Trade War Pushes Port of Long Beach Towards New Cargo Record

OOCL Malaysia, largest ship at 13,000 teu to make its maiden call at LBCT

Cargo volume at the Port of Long Beach continued to rise in November, setting the stage for a second consecutive calendar year record.

The Port handled 621,835 twenty-foot equivalent units (TEUs) of container cargo during the month, a 1.5 percent increase compared to November 2017. Last month’s performance pushed 2018’s total TEU count to 7,349,377, making it virtually certain the Port will eclipse its record of 7,544,507 TEUs set last year.

For the year to date, volumes have risen 7.3 percent.

Imports continued to outpace goods shipped overseas. Inbound cargo hit 319,877 TEUs, an increase of 0.2 percent, while exports shrank 8.4 percent to 115,774 TEUs. Empties returned to Asia swelled 11.4 percent to 186,183 TEUs.

According to Port of Long Beach Executive Director Mario Cordero, recent container trends, such as the growth of imports relative to exports, the large number of unloaded containers, illustrate how the higher tariffs imposed this year by the United States and China have impacted the flow of commerce.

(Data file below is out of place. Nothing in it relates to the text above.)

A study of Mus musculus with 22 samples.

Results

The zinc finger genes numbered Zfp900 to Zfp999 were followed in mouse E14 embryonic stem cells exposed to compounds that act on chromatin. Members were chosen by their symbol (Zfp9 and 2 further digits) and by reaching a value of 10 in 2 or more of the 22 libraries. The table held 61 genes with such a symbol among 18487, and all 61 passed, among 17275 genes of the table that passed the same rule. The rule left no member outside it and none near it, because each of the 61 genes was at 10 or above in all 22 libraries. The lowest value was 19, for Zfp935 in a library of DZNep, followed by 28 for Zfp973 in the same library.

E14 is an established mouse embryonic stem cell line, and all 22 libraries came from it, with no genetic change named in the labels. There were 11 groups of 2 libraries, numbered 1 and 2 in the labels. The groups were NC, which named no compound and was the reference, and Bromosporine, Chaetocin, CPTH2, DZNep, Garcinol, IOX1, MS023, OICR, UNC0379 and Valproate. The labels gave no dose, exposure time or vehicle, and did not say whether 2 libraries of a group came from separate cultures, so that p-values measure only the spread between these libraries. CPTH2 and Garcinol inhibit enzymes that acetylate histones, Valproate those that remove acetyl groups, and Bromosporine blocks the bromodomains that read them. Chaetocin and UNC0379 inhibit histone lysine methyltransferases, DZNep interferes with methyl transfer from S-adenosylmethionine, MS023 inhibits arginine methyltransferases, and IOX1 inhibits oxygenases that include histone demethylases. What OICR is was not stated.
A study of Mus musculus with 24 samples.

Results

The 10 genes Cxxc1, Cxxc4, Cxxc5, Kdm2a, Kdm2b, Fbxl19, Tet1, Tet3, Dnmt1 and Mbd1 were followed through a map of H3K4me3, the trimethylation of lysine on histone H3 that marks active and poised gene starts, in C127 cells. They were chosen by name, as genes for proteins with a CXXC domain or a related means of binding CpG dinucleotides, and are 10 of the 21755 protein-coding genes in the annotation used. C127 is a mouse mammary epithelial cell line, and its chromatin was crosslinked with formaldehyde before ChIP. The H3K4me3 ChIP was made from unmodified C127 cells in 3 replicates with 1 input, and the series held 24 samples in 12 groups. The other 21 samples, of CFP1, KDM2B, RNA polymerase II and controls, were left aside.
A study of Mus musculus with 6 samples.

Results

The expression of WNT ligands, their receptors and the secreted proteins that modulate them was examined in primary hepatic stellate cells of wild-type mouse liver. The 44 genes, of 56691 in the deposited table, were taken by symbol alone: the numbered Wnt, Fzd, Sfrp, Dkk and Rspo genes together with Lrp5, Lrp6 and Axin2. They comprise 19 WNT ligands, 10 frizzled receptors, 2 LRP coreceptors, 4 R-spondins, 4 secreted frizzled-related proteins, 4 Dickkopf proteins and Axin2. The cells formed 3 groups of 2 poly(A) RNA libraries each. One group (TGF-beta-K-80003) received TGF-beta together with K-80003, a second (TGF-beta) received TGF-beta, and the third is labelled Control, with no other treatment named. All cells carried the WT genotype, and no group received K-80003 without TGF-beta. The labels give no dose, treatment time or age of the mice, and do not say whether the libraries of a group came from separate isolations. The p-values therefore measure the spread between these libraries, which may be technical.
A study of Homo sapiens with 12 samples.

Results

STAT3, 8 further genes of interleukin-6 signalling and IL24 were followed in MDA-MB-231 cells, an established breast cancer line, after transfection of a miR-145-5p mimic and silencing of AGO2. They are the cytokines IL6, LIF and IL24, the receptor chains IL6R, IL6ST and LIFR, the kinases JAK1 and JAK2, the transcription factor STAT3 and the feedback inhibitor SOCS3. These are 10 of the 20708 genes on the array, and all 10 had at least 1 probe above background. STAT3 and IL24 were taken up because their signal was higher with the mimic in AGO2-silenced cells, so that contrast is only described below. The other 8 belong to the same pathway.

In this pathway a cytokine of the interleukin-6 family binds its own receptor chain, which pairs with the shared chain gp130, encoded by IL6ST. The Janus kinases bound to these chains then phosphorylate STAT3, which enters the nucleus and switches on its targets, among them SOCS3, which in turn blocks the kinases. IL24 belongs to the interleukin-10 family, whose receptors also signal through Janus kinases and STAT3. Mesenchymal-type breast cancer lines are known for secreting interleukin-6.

“American retailers are stocking up on goods made in China to avoid anticipated higher tariffs,” said Cordero. “You’re seeing the opposite effect on the other side of the ocean. Chinese businesses seem to be already looking to other countries for goods and raw materials, meaning there’s less demand for American exports and more empty containers are being shipped.”

“Business has been good in 2018, and we appreciate our customers for choosing the Port of Long Beach,” said Long Beach Harbor Commission President Tracy Egoscue. “While the new year may bring challenges, we remain hopeful that trade will grow, bringing more jobs and economic opportunity to this region.”